You may have seen that parades will not be rolling during Carnival this year—and if you didn’t, we’re sorry to be the bearers of bad news. Since the Epiphany starts on January 6, and Carnival, including Mardi Gras, will take place during a time of a predicted spike in COVID-19 cases, NOLA decided it’s better to be safe and cancel than to be sorry.
As disappointing as it is to skip the extravagant floats, beads and doubloons, and costumery, there’s a silver lining: Carnival 2021 is going to require creativity in order to celebrate, and if there’s one thing our city knows how to be, it’s creative.
The year of the cyber Carnival
The Krewe of Bacchus, for example, announced the launch of their app “Throw Me Something, Bacchus!” where users can catch virtual throws every Carnival Sunday. And on Bacchus Sunday (February 14, 2021), the Krewe will livestream their parade on the app, tossing virtual throws.
Other virtual parades are currently being discussed, and Mayor Cantrell has released official guidelines for safety procedures during parades you can find online.
King cake isn’t canceled
Enjoying the food and drinks of Carnival is here to stay and is just as much part of the celebration as the parades. Crawfish boils and outdoor picnics can still take place, and if it’s king cake you’re craving, you can find many local bakeries that let you order online.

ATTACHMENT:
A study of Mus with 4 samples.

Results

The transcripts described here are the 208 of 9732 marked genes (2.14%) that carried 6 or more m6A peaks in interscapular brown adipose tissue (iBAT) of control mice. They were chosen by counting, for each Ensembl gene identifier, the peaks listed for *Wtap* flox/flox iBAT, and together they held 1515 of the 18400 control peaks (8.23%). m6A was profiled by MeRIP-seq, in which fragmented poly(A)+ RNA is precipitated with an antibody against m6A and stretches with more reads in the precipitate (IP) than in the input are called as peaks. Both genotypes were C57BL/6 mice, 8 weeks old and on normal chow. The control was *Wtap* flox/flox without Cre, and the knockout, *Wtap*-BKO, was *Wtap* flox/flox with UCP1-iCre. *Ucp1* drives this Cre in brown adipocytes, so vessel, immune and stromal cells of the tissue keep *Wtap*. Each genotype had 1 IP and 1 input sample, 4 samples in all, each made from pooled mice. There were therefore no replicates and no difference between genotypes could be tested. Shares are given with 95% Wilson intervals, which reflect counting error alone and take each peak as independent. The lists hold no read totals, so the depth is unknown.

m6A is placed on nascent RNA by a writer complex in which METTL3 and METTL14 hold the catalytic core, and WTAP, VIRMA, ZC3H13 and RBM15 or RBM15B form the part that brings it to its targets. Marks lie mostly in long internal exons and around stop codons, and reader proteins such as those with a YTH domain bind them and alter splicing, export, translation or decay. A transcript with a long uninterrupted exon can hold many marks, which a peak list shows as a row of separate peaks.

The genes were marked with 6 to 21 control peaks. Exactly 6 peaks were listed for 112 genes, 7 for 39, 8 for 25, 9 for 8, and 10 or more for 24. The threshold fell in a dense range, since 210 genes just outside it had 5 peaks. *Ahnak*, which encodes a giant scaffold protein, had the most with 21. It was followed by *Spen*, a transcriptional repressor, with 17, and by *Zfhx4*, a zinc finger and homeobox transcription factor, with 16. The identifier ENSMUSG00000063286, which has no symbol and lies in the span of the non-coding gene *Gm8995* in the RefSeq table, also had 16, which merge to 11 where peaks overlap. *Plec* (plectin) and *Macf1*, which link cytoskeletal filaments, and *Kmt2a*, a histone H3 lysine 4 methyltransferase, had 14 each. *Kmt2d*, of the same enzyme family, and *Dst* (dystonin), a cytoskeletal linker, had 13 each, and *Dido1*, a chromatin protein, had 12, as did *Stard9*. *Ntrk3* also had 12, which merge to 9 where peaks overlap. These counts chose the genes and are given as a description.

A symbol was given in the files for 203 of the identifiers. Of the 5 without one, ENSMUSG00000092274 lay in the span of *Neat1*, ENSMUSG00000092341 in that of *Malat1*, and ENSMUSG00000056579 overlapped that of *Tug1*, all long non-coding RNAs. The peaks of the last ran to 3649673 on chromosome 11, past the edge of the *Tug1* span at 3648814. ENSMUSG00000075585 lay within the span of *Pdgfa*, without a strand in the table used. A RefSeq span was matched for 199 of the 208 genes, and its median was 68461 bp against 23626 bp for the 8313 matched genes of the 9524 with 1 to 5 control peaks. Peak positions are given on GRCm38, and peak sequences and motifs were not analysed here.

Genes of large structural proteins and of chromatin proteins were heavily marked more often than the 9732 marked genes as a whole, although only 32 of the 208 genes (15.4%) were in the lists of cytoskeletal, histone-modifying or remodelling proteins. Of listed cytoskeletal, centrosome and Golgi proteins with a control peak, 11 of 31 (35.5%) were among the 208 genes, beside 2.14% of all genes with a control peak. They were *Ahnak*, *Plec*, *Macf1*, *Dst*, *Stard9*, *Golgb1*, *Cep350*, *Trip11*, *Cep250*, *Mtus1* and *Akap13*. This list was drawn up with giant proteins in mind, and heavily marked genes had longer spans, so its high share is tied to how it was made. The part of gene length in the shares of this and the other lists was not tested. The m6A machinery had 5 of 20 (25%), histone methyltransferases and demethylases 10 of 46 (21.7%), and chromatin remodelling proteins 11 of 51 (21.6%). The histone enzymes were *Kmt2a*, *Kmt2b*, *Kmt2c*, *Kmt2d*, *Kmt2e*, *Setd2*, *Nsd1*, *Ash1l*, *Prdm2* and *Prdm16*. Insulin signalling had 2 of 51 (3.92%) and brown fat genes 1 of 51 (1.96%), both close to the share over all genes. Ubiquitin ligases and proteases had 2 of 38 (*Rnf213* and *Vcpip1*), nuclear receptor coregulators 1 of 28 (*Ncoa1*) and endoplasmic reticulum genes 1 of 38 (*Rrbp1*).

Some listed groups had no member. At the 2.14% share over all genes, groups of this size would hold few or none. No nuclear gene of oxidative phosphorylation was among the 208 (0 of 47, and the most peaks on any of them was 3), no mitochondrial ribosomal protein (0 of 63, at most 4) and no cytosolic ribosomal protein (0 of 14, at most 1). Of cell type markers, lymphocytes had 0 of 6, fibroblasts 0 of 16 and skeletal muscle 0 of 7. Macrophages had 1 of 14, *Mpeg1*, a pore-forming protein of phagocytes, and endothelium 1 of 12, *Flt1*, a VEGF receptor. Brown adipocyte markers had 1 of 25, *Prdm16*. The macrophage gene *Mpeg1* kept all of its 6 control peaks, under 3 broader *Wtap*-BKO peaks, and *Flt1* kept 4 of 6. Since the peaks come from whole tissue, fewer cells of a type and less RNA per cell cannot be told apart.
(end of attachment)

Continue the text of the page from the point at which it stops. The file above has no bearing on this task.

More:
Follow these guidelines to help keep you and your loved ones safe.
● Cover up. When you aren’t actively eating or drinking, keep your mask over your mouth and nose.
● Wash up. Remember to wash your hands with soap and water for at least 20 seconds before digging into your favorite Carnival foods. If you can’t do that, use a hand sanitizer that’s at least 60% alcohol.
● Keep your distance. If you venture out during Carnival or any time before being fully [vaccinated against COVID-19], stay at least 6 feet apart from anyone not from your household to lower your risk of contracting the coronavirus.
Create a stay-at-home spectacle
If you can’t watch the floats go by anymore, deck out your house and porch for passers-by instead. Think about these ways to embrace your imaginative side:
● Drape streamers, beads or scarves over doors or fence posts.
● Hang flags or pennants in your windows.
● Make homemade Carnival yard signs.
● Write encouraging messages on your driveway or sidewalk with chalk.
● Try your hand at crafting a mini flambeau using battery-operated candles.
● Inspire and invite your friends and neighbors to decorate their homes, too.
● Take a daily walk to admire the Carnival decor in your neighborhood.
The reason for the season
Let’s not forget what Carnival is truly about—celebrating time with family and friends. Right now, one of the most loving things we can do for our community is to prevent the spread of COVID-19. NOLA knows how to celebrate, even when celebrating is difficult. During such difficult times, we can still pour out love to friends, family and community. As Carnival approaches, we hope you’ll stay safe, stay happy and keep the bons temps spirit alive.